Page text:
Selection of all atoms with a name starting with C:
Segment names containing a number:
Multiple terms can be provided on the list of matching keywords. This example selects residues starting with an A, the glycine residues, and residues ending with a T. As with a string, a regular expression in a numeric context gets converted to an integer, which will always be zero:
resname "A.*" GLY ".*T"
Selections containing special characters such as
, must be escaped with the
\ character. In order to select
Na+, one would use the selection:
In brief, a regular selection allows matching to multiple possibilities, instead of just one character. Table 6.9 shows some of the methods that can be used.
There are many ways to do some selections. For example, choosing atoms with a name of either CA or CB can be done in the following ways:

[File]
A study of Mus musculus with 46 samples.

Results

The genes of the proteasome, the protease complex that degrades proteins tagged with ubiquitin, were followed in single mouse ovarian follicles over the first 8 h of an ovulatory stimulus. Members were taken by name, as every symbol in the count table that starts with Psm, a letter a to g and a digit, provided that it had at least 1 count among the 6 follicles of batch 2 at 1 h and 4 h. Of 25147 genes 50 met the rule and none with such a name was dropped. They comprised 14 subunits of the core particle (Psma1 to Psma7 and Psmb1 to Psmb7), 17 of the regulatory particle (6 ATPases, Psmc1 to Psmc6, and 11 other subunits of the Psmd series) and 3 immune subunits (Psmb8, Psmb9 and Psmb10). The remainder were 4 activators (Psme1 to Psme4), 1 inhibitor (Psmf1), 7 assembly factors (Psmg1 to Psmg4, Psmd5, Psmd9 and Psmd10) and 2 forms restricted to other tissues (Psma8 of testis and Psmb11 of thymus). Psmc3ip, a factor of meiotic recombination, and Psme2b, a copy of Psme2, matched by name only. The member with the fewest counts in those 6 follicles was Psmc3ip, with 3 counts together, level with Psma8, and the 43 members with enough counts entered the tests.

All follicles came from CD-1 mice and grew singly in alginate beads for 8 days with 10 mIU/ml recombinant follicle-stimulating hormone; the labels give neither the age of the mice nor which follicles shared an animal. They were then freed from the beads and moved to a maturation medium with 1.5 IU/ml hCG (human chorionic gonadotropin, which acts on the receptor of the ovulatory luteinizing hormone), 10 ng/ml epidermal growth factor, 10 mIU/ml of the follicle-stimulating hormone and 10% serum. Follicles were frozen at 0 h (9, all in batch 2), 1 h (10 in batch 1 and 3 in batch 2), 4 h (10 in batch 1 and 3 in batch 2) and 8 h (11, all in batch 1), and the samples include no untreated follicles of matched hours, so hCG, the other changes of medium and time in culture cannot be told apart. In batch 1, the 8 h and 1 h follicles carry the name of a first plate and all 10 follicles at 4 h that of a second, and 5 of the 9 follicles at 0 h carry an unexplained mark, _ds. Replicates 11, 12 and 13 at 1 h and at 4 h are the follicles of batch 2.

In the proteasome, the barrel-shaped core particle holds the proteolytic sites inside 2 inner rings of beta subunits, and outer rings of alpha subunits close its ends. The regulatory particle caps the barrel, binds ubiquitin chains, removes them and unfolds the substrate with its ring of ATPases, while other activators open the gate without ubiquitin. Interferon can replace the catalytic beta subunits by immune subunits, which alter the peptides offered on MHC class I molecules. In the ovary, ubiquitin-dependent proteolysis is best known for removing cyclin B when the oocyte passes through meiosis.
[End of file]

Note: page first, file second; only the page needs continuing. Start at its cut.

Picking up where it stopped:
name CA CB name "CA|CB" name "C[AB]" name "C(A|B)"
Several caveats for those who already understand regular expressions.
VMD automatically prepends ``
^('' and appends
)$'' to the selection string. This makes the selection O match only O and not OG or PRO. On the other
$ into the command won't really
affect anything, selections that match on a substring must be
preceded and followed by ``.*'', as in
.*O.*, and some illegal
selections could be accepted as correct, but strange, as in
, which gets converted to
and matches anything starting with a C or ending with an O.
A regular expression is similar to wildcard matching in X-PLOR. Table 6.10 is a list of conversions from X-PLOR style wildcards to the matching regular expression.